Davis has no hard feelingsEverything worked out well for A.D.
By BILL HARRIS -- Toronto Sun
CHICAGO -- Looking back on his association with the Raptors, Antonio Davis knows it was a religious experience.
He had the best statistical years of his career in Toronto. Representing the Raptors, he was the starting centre for the Eastern Conference in the 2001 NBA all-star game. And when everyone was in agreement that it was time for him to leave, the Raptors traded him to the Chicago Bulls, which is exactly where he wanted to go.
"Even if I were a guy who didn't believe in God, I would have to believe in him then," said Davis, whose Bulls play host to the Raptors this afternoon.
"What are the chances of getting traded to where my family is? It just doesn't happen. I'm thinking the whole time, 'Oh no, (the Raptors) are mad because I don't love it here, so they're going to trade me to Portland, and it's going to be the worst thing ever.' And then I'm thinking I'm going to have to make a fool of myself and say, 'No, I'm not going, I'm staying here in Toronto.' "
Davis need not have worried. He was reunited with his wife and two kids in the Windy City on Dec. 1 when the Raptors traded him with Jerome Williams and Chris Jefferies to the Bulls for Jalen Rose, Donyell Marshall and Lonny Baxter.
"How could I be mad about anything?" Davis asked.
Davis hinted he might consider retirement if he were traded again, which is not an impossibility. It's hard to believe he actually would retire, since he's earning $12 million US a season. But the fact the thought has crossed his mind speaks to his commitment to put family before basketball, even though he knows some people questioned his priorities because he was happy about going from a mediocre team like the Raptors to a weak team like the Bulls.
"My wife and I knew there was going to be a transition after (last) season, when we decided she and the kids were going to stay in Chicago," Davis said. "There comes a time, as your kids grow, when you have to make decisions as a parent and things get screwed up, you know? And at that particular time in Toronto, things were a little screwed up."
When Davis speaks of things being "a little screwed up," he was referring in part to his oft-voiced opinion that the Raptors were operating without a long-term plan. Davis, 35, got sick of there being a new collection of big men playing alongside him virtually every season.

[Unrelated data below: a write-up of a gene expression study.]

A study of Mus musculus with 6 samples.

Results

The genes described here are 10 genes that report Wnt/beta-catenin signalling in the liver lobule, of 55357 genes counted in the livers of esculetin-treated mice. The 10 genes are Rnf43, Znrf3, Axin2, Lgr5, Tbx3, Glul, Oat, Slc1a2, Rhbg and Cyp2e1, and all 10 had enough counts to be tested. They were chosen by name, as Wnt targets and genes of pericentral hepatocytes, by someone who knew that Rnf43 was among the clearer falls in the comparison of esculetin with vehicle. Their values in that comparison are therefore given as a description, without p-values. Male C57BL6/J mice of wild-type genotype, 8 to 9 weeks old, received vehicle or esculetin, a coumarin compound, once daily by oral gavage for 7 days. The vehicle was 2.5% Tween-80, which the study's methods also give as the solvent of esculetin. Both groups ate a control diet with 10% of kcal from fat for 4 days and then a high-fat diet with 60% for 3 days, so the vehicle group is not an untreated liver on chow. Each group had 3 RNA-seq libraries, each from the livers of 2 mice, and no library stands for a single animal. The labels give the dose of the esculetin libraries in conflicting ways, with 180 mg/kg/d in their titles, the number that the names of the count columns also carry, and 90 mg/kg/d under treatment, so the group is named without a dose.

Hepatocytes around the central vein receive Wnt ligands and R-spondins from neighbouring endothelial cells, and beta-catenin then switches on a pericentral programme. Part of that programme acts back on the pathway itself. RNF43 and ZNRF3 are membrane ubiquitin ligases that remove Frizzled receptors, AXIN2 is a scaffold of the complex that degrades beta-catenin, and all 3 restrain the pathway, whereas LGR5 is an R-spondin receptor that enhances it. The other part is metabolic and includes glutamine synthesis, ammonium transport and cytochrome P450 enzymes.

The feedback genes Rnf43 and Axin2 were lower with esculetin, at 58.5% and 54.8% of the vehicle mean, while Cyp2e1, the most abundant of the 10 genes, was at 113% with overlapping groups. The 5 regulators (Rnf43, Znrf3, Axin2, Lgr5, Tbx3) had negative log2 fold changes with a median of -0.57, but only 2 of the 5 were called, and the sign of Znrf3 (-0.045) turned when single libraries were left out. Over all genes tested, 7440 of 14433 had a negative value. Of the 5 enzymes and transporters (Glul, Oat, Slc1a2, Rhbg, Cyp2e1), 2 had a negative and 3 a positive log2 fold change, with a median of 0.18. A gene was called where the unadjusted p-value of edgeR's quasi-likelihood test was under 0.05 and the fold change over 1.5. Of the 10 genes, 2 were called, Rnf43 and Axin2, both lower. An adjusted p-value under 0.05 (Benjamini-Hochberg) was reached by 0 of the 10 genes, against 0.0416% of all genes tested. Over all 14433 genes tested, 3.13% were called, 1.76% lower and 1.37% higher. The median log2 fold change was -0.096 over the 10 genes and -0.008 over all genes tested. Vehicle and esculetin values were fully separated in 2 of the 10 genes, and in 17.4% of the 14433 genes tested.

"In Toronto they said we couldn't score," said Davis, referring specifically to the beginning of this season. "I'm just a believer in getting the best shot every time down the floor. Sometimes you have to make that extra pass and sometimes you have to sacrifice to make the next guy better, and instead I felt like I was getting penalized for that."
Davis' basketball life is no better now. But if you're going to play for a team that is miles away from winning a title anyway, you might as well have your family around to take your mind off your job.
While both the Raptors and the Bulls are different since the deal, neither club is noticeably better or worse than it was.
"Both teams addressed their initial problems, though they may have other problems now," Davis said. "But you make those trades as a GM thinking, 'There's something we need to do here, something that stands out, a problem we have to address.' You hope you do the right thing. And I hope neither GM feels like he didn't make the right decision."
Davis said if some of the players involved in today's game want to use it as a grudge match, that's fine with him. He would welcome anything that helps the Bulls end their six-game losing streak.
But personally, Davis has no demons to exorcize today.
"It is going to be a little weird," Davis said. "But I still wish that (Raptors) team and that organization the best, man. I'm not going into this game angry."